Even by horror-movie standards, the wooden doll star of Annabelle (2014) and Annabelle: Creation (in theaters Friday) is one creepy lead actress.
The eerie, forced smile, garish makeup and unblinking eyes made Annabelle a clear breakout villain even before her first memorable but supporting appearance in 2013’s The Conjuring, the story of paranormal researchers Ed and Lorraine Warren.
“We knew we had something special when people would go out of their way to avoid Annabelle on set,” says Conjuring director James Wan. “She definitely gave off an inherently creepy vibe.”
Physically, the freaky figure is far cry from the the “true” Annabelle inspiration — a Raggedy Ann doll complete with button eyes and floppy red yarn hair. This Annabelle is the cuddly-looking centerpiece to the Warrens’ Occult Museum in Monroe, Conn., and not to be trifled with, warns Lorraine, 90.
“Looks are deceiving,” she says. “It’s not what the doll looks like that makes it scary; it is what has been infused within the doll: evil.”
Skeptics might insist it’s nothing more than campfire fiction, but Warren lore says the original Annabelle began her reign of terror in 1970 after being purchased in a hobby shop by a mother as a gift for her daughter.
The weirdness allegedly went down right away, from Annabelle levitating to brutal attacks — even the attempted strangulation of a family friend.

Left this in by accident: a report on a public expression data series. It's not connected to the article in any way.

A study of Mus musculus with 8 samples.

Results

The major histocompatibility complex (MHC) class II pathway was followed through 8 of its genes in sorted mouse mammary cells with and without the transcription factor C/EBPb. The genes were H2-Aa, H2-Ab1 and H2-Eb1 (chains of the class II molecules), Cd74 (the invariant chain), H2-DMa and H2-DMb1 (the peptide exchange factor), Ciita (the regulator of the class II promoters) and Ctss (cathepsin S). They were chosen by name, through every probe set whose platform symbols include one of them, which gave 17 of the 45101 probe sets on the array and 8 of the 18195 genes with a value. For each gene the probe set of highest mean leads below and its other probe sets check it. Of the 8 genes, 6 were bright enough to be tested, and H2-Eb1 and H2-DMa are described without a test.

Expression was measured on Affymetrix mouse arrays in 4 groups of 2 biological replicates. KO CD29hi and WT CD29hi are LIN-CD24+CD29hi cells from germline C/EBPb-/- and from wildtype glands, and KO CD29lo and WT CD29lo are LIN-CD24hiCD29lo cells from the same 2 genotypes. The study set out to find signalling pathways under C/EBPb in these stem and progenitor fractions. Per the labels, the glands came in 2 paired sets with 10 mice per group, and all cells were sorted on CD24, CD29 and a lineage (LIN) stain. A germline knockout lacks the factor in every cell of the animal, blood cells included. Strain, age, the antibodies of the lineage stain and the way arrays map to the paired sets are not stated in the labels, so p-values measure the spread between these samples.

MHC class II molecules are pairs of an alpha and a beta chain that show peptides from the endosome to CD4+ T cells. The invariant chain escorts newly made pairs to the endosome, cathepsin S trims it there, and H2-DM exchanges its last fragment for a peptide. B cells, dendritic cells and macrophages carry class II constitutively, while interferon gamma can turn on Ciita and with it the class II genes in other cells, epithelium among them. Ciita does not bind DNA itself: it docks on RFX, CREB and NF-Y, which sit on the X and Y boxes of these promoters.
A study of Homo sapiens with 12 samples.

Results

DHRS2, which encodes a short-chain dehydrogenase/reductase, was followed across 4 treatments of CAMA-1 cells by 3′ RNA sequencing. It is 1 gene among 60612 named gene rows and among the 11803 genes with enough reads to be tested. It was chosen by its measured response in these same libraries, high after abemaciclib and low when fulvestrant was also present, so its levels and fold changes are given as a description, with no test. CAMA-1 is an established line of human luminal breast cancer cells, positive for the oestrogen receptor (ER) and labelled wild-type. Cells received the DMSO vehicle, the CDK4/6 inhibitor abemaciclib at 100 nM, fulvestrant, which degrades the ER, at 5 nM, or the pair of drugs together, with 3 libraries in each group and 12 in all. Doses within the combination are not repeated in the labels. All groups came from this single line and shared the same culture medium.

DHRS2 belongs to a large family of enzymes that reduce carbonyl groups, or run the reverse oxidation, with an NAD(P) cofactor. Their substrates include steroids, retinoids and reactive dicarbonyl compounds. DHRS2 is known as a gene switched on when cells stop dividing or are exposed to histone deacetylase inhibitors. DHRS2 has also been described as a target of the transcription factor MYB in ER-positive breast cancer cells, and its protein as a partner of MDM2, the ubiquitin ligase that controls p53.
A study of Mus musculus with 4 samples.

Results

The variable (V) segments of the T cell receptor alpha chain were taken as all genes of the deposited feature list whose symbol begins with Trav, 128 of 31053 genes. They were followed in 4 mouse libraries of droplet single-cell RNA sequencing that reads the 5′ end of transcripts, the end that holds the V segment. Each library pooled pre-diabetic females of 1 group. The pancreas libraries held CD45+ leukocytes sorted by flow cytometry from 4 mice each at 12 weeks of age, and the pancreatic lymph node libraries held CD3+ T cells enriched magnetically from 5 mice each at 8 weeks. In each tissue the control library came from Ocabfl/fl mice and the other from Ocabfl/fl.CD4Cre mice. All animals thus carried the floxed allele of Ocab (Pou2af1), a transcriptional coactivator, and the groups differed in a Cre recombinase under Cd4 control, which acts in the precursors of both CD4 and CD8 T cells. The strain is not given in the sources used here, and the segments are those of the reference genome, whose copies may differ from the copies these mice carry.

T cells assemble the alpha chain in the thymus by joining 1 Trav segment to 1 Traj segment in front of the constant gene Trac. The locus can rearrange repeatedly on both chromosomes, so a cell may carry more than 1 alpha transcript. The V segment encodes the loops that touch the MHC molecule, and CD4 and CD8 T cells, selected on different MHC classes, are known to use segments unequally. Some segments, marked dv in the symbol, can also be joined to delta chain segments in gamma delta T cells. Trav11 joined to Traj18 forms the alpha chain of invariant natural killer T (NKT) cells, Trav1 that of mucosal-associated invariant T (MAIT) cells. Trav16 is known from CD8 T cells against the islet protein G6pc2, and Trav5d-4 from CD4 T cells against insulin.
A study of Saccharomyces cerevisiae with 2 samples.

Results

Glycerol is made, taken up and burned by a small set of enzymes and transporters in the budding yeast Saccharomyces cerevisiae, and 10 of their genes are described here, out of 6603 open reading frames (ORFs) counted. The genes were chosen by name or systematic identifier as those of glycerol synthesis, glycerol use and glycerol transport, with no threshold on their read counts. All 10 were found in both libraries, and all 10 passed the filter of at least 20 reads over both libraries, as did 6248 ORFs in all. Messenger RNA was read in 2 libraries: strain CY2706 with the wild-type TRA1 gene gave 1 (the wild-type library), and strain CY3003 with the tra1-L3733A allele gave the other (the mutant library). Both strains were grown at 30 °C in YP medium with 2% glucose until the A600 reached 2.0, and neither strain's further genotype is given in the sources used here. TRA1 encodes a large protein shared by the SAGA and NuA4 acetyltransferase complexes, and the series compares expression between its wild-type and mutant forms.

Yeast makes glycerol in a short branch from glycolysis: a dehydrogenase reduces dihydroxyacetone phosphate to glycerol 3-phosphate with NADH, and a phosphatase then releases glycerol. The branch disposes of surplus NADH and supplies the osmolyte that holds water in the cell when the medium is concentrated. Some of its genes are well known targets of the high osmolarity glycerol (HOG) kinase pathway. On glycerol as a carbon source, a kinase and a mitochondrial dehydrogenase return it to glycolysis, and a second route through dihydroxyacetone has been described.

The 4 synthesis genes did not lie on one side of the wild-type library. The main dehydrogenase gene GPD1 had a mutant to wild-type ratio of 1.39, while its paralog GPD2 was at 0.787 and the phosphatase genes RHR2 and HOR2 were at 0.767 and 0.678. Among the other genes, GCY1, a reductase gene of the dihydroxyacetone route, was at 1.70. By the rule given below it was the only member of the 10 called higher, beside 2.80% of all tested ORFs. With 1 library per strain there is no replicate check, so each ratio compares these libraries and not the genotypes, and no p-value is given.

The Warrens were called to investigate and diagnosed the doll as an “inhuman demonic spirit.” Ed drove Annabelle to the museum for safekeeping, but claimed the doll willed the car’s brakes and steering to fail repeatedly. (He threw holy water on his backseat passenger to stop the meddling.)
At the museum, Annabelle is kept in a glass box secured with ritualistic prayers.
“We have a priest come in and bless the museum, including Annabelle,” says Lorraine, whose husband died in 2006. “These are prayers that bind the evil — much like an electric fence for a dog.”
When Wan and producer Peter Safran began developing The Conjuring, the Raggedy Ann look wasn’t going to cut it. “For starters, you’d be hard-pressed to find a manufacturer to allow their doll to serve as a conduit to evil in a movie,” says Safran.
Wan wanted a sharper-looking Annabelle and found “that balance of innocence and creep” — emphasis on the creep. Annabelle: Creation director David F. Sandberg toned that down to make Annabelle more believable as a child’s toy in the origin story.
“We did soften her features,” says Sandberg. “She now has more filled-out cheeks and we fixed her overbite.”
She’s still far scarier-looking than the original doll, even if she’s never depicted moving onscreen.
Still, it’s best not to chuckle. Decades ago, a youthful visitor banged on Annabelle’s enclosure, mocking her until Ed kicked him out, Lorraine says.
The offender and his girlfriend rode off on his motorcycle. What happened next has no factual documentation.
“She told us that they were both laughing and joking about the doll when the young man lost control of the bike and crashed head-on into a tree,” Lorraine claims.